Washington County, Arkansas



Lee Creek Valley, a picturesque setting in northwest Arkansas's Ozarks Mountains--ancient sedimentary mountains renowned for their natural beauty and lush oak-hickory forest--was selected as a park site in the 1930s. The Civilian Conservation Corps used native materials to craft the park’s CCC/Rustic style wood and stone structures including an impressive native stone dam that spans Lee Creek in the heart of the park forming peaceful 8-acre Lake Devil.


Anonymous

This small state park in the Ozark National Forest can be reached by a drive of a little over 3 hours from Tulsa. Perhaps the fastest way is via the Muskogee Turnpike south, then east on I 40 just past Fort Smith, then north on US 71 for about 27 miles and finally west on Arkansas 74 for 14 miles to the park. An alternate and somewhat more scenic route is SH 51 off the Muskogee Turnpike through Tahlequah, then US 62 into Fayetteville, south on US 71 about 21 miles and west on Arkansas 74 into the park. The total distance from Tulsa either way is about the same, 160 to 170 miles.

The park itself covers 1,679 acres of a small valley formed by Lee Creek. Second growth eastern hardwoods cover the bottomland and surrounding slopes. Twenty-two miles of trails can be hiked within the park boundaries. One of these, the Butterfield trail, is 14 miles in length and suitable for backpacking. Another, the Yellow Rock trail, winds along a wooded slope for about 2 miles. The most popular is the Devil's Den trail, an easy but usually crowded hike of 1.5 miles.

A variety of woodland birds can be seen in the park, especially during migration. The common eastern woodpeckers are abundant with the Pileated Woodpecker easy to spot. Among the summer residents are Blue Grosbeaks, Indigo Buntings, Orchard and Northern orioles, Scarlet and Summer Tanagers, and Wood Thrushes. On summer nights look for the Whip-poor-will and Chuck-will's-widow. Four species of vireos, Warbling, Red-eyed, Yellow-throated, and White-eyed, nest in their appropriate habitats. The Solitary and Philadelphia vireos may be encountered during migration.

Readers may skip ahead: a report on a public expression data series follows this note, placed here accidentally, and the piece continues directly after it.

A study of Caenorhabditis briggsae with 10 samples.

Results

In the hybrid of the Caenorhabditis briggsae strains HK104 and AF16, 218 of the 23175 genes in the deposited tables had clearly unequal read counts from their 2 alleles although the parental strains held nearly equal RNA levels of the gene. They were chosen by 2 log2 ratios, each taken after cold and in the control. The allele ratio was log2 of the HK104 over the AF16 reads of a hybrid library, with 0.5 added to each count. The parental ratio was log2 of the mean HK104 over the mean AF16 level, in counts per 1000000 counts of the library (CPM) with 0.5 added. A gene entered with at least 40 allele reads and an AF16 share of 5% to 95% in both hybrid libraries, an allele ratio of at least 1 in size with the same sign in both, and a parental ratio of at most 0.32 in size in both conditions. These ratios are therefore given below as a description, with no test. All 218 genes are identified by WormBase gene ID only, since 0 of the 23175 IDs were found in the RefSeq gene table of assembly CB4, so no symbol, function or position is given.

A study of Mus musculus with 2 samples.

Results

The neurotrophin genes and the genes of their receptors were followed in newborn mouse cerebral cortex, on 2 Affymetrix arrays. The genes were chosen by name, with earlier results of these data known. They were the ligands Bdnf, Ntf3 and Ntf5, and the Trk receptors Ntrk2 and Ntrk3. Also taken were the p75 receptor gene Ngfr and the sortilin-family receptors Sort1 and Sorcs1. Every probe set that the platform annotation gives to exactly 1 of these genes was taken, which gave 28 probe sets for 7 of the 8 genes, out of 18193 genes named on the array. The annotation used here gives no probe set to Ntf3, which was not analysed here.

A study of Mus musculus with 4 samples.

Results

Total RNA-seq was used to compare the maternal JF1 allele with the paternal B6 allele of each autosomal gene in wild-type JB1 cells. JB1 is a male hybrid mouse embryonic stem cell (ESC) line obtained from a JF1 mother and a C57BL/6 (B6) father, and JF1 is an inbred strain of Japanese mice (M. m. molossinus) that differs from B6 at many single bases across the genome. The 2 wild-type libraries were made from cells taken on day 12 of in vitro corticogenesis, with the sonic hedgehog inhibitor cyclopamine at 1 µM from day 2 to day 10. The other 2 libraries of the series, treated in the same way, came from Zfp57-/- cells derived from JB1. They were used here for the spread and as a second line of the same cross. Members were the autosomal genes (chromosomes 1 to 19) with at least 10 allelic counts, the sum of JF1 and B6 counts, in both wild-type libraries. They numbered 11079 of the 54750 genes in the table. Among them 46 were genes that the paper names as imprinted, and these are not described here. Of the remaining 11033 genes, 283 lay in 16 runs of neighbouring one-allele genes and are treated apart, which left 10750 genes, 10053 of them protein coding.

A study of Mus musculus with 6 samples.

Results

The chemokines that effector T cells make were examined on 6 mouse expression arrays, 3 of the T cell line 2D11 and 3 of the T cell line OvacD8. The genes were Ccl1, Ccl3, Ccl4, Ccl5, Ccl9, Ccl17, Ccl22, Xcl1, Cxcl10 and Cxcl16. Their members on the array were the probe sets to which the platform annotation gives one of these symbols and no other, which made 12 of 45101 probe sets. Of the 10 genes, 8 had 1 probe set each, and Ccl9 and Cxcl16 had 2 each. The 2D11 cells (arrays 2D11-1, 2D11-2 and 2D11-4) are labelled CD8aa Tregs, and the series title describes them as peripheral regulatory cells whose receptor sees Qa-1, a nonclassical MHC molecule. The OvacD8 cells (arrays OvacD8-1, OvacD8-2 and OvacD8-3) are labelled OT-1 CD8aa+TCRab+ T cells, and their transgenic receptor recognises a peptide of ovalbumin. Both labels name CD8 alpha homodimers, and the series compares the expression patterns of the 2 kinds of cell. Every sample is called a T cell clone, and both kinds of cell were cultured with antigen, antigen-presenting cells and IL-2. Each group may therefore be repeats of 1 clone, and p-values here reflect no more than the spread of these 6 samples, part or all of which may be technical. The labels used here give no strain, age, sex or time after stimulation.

Perhaps the most exciting birds are the variety of warblers. At least 14 species nest in the park. There is an excellent chance of seeing a Louisiana Waterthrush feeding along the swifter portions of Lee Creek. Yellow-throated, Northern Parula, Cerulean, American Redstart, and Black-and-white warblers may be found in the treetops. Closer to the ground, the Common Yellowthroat, Hooded, Yellow-breasted Chat, Ovenbird, Kentucky, and Prairie warblers can be encountered. With luck, one may see the Worm-eating and Blue-winged warblers. In April and May migrating warblers in breeding plumage are abundant, most notably the Magnolia, Golden-winged, Blackburnian, Mourning, and Black-throated Green. The park is fairly developed. Services include a tiny restaurant and store, a playground and swimming pool, and the park headquarters and interpretive center where visitors may obtain bird lists and trail maps. Thirteen cabins are available with kitchens, but reservations must be made well in advance by calling the Park Superintendent at (501) 761¬3325. For the more hardy, over 100 campsites are available, all of which are situated near Lee Creek.

Devil's Den offers residents and visitors to eastern Oklahoma an opportunity to see several eastern woodland species rarely encountered in our area, without the necessity of an overnight trip. For those who wish to spend a couple of days, a profitable excursion during the spring would be a loop including the Sequoyah National Wildlife Refuge the first day, a night in Devil's Den or a Fort Smith motel, and an early morning arrival on a park trail to hear and see the rich birdlife.